What’s the buzz at the seashore?
Many of you may have noticed the barking sounds near our shores as of late. This is a typical sound of the California sea lion. Sea lions have been showing up in good numbers to feed on their favourite food, forage fish.
These small fish are “forage” or “prey” for hundreds of species. These super-abundant schooling fishes include Pacific sand lance, surf smelt, capelin, eulachon, herring, and anchovy in our waters. They and other forage fish species play an important role in the diets of humpback whales, porpoise, sea lions, seals, salmon, humans, and marine birds.
Anchovy have been documented on the Sunshine Coast in January, and this is most likely the prey the sea lions are pursuing. They swim back and forth parallel to the beach, coming in closer and closer to shore until their prey is easy to catch.
This in turn attracts seals, otters, gulls, and diving ducks, creating a frenzy of feeding activity along the shoreline.
In the months of February, March and April, herring are spawning here on the Coast, creating the next feeding frenzy for land, sea and air creatures alike. Herring, the most commonly known forage fish, will often choose seaweeds as the “anchor” for their eggs. Even when the egg-laden seaweed gets broken off and washed up on the beach, those eggs can survive until the next high tide.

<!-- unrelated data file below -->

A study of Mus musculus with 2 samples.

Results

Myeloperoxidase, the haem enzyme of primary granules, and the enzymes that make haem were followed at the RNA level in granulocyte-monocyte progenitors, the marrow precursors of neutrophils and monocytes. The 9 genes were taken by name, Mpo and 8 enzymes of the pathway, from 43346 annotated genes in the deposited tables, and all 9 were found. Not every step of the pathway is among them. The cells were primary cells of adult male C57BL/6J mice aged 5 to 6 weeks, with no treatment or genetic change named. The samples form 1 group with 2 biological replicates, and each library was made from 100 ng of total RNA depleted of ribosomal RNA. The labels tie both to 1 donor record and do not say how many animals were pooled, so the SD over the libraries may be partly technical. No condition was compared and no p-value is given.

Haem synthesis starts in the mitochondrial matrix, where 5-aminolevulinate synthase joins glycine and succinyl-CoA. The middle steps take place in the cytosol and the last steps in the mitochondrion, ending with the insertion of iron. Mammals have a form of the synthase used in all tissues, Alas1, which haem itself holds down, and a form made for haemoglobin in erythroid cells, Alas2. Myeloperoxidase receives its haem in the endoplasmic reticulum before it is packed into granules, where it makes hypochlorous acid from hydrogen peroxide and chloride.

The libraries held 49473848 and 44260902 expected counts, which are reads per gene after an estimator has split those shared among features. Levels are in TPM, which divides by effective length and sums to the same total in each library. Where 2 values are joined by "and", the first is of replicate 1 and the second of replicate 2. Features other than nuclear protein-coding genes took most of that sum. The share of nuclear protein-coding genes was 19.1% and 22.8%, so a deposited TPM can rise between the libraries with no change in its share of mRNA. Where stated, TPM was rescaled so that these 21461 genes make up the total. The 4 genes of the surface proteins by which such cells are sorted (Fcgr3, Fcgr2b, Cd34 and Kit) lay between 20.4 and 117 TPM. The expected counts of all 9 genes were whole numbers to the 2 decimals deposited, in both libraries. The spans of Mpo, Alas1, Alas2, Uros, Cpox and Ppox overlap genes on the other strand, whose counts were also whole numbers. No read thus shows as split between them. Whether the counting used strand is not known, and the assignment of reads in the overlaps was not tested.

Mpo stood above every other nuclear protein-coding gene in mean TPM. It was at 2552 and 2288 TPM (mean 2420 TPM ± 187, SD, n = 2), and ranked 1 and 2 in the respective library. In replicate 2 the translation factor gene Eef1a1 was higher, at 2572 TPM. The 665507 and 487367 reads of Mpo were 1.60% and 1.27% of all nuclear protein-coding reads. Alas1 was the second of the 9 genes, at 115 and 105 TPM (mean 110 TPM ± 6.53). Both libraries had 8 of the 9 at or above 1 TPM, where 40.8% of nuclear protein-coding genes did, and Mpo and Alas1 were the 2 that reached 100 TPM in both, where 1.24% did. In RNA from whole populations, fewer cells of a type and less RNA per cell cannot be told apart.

Humans, always on the quest for a better garden, will often take advantage of the seaweeds washed in by winter storms, as easy pickings for garden mulch. By taking seaweeds for your garden during the spawning season, there is the potential to destroy thousands of herring eggs. Seaweeds should not be collected at this time.
If you must collect seaweed as mulch for your garden, take only small amounts, and over a large area to minimize the impact on this special area of our world, and not during the months of February, March and April.
For more information or to volunteer with Friends of Forage Fish, call Dianne Sanford, volunteer coordinator, 604-885-6283, or email email@example.com. For more about the group, see www.friendsofforagefish.com.